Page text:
With a warm welcome at your grandmother’s home in Japan, this picture book firmly places children in the midst of an extended loving family filled with aunties and cousins. Change into your yukata and your wooden sandals and walk together to the bath house. Shed your clothes along with everyone else. Start with washing, washing your hair and back, do a naked dance with your cousins, until finally it is time. Everyone enters the big bath together with a sigh. Wrap in a soft towel afterwards and find a treat of shaved ice while you are waiting for the adults to finish. Walk home at night together again, holding your grandma’s hand.
Based on the author’s childhood visits to Japan in the summer, this book is so filled with warmth and love. The connection formed by bathing together, chatting, playing together and spending relaxing time together is so evident that it need not be stated outright. The writing keeps the focus on the importance of bath houses for families. It also gives stodgy Americans a chance to glimpse other ways of bathing, spending family time and respecting each other’s bodies.
The nakedness in the illustrations of this book will have some adults concerned while others will recognize it as a celebration of different body types as well as a look at Japanese culture in ways that is different from our American views. The pages are filled with sudsy, steamy, bubbly bodies, all naked and lovely.
A bubbly look into Japanese culture and the closeness of a family who may live far apart. Appropriate for ages 3-5.
Dad wakes up when it is still dark and walks to work. When he gets there, he works side-by-side with others to create dough that rises and becomes rolls and loaves. When the sun comes up, Dad walks back home, smelling like warm bread. While he sleeps, his daughter waits for him until it’s time to wake him up. Together, the two go to the kitchen and make their own smaller batch of bread. While it rises and rests, they spend a lot of time together. A bread surprise is created in the kitchen and the two spend the rest of the day together until night falls once more.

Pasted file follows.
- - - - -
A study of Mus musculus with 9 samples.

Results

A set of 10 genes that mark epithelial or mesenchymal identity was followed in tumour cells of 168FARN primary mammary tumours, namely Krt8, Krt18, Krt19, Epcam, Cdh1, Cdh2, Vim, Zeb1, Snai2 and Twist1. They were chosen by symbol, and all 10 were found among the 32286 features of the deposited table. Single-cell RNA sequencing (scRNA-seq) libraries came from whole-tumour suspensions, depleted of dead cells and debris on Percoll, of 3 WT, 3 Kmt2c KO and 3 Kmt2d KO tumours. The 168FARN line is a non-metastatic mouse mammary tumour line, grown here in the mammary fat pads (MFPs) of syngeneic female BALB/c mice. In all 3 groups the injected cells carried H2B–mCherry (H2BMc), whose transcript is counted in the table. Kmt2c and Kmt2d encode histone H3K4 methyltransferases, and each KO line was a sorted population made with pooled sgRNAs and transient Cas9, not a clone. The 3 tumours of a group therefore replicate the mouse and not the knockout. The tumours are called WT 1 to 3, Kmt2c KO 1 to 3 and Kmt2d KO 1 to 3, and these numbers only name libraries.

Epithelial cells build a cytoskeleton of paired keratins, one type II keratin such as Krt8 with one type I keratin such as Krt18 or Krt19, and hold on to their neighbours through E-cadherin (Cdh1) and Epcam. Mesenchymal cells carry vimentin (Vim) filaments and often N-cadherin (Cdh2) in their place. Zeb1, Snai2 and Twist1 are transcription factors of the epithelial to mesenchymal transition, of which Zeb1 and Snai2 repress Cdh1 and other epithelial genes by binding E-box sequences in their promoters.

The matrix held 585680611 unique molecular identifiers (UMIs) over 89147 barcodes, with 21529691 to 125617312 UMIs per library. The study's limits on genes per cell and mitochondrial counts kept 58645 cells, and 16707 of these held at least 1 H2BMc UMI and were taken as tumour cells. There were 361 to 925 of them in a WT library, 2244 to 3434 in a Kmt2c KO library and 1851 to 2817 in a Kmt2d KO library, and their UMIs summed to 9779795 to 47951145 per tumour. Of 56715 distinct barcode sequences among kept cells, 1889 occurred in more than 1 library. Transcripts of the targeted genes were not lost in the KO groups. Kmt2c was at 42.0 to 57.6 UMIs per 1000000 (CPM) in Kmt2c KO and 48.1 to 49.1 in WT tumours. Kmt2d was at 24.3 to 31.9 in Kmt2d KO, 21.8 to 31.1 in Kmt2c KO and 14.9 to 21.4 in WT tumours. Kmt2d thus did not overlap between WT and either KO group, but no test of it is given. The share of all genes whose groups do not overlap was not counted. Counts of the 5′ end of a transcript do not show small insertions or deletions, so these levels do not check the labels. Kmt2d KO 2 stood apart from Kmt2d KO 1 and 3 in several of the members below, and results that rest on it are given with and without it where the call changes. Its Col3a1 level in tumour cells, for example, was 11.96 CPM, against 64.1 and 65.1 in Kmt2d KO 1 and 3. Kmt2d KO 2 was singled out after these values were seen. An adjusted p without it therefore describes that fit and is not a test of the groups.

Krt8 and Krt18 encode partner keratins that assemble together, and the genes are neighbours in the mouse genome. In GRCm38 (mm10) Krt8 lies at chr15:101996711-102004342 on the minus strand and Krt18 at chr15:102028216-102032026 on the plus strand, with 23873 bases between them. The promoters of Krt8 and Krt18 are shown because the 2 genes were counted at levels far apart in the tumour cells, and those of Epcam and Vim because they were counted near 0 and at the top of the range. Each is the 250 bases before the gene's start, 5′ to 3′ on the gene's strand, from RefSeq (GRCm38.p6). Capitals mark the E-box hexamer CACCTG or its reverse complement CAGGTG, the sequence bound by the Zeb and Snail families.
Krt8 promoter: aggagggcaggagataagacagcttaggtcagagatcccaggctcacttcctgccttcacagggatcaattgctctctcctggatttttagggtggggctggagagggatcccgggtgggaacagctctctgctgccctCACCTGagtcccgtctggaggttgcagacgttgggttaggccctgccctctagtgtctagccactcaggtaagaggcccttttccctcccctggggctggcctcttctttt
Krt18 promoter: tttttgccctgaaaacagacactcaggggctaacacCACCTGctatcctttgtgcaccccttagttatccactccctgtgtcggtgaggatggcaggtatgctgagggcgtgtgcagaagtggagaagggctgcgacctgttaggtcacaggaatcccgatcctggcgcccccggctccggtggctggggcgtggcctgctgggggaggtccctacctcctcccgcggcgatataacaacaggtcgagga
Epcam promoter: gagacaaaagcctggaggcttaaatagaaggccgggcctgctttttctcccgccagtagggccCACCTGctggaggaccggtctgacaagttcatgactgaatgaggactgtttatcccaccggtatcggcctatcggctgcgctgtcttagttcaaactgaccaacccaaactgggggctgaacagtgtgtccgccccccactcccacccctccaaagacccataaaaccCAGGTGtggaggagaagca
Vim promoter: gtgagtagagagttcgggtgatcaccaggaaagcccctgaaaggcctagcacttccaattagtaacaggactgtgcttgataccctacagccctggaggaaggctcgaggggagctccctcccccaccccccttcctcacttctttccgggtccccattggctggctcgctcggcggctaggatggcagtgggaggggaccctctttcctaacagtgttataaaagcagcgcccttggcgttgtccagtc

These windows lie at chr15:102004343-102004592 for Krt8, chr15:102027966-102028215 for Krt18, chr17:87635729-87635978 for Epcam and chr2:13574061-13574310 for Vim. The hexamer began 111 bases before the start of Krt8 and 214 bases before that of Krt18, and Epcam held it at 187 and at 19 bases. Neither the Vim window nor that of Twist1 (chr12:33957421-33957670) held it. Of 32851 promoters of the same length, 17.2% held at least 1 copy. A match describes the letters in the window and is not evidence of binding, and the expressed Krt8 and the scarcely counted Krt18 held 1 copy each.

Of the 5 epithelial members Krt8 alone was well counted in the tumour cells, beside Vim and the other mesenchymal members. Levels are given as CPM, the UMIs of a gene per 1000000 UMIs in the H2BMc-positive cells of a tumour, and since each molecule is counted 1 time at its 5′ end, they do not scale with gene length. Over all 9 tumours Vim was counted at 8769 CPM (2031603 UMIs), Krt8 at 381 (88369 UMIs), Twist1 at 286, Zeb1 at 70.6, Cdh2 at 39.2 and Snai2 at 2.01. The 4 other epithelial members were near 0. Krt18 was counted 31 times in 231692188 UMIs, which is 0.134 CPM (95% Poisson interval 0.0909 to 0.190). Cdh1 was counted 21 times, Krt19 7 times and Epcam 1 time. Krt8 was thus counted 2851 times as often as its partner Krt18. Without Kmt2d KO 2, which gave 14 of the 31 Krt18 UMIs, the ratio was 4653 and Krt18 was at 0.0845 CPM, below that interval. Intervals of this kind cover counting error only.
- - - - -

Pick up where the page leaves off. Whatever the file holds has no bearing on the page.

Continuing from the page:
Told simply and in a straight-forward way, Yamasaki pays homage to single parents who work long hours, often night shifts to care for their children and provide a true home for them. In her author’s note, she mentions her work as a muralist in correctional facilities, adding another layer to the book. The program the father in the book is part of provides opportunities to those recently incarcerated. This book shows the strength and resilience it takes to return successfully from incarceration and parent a child with love, dedicating real time to being together.
The illustrations show the urban setting the family lives in, particularly when Dad walks to and from work. Their apartment is warm and cozy, full of bright colors that carry through their day spent together. The relationship between father and daughter really comes alive in the illustrations, showing the time they spend together and the joy they both take in it.
A look at parents who work the night shift that embraces those who were once incarcerated. Appropriate for ages 3-5.
Reviewed from e-galley provided by Norton Young Readers.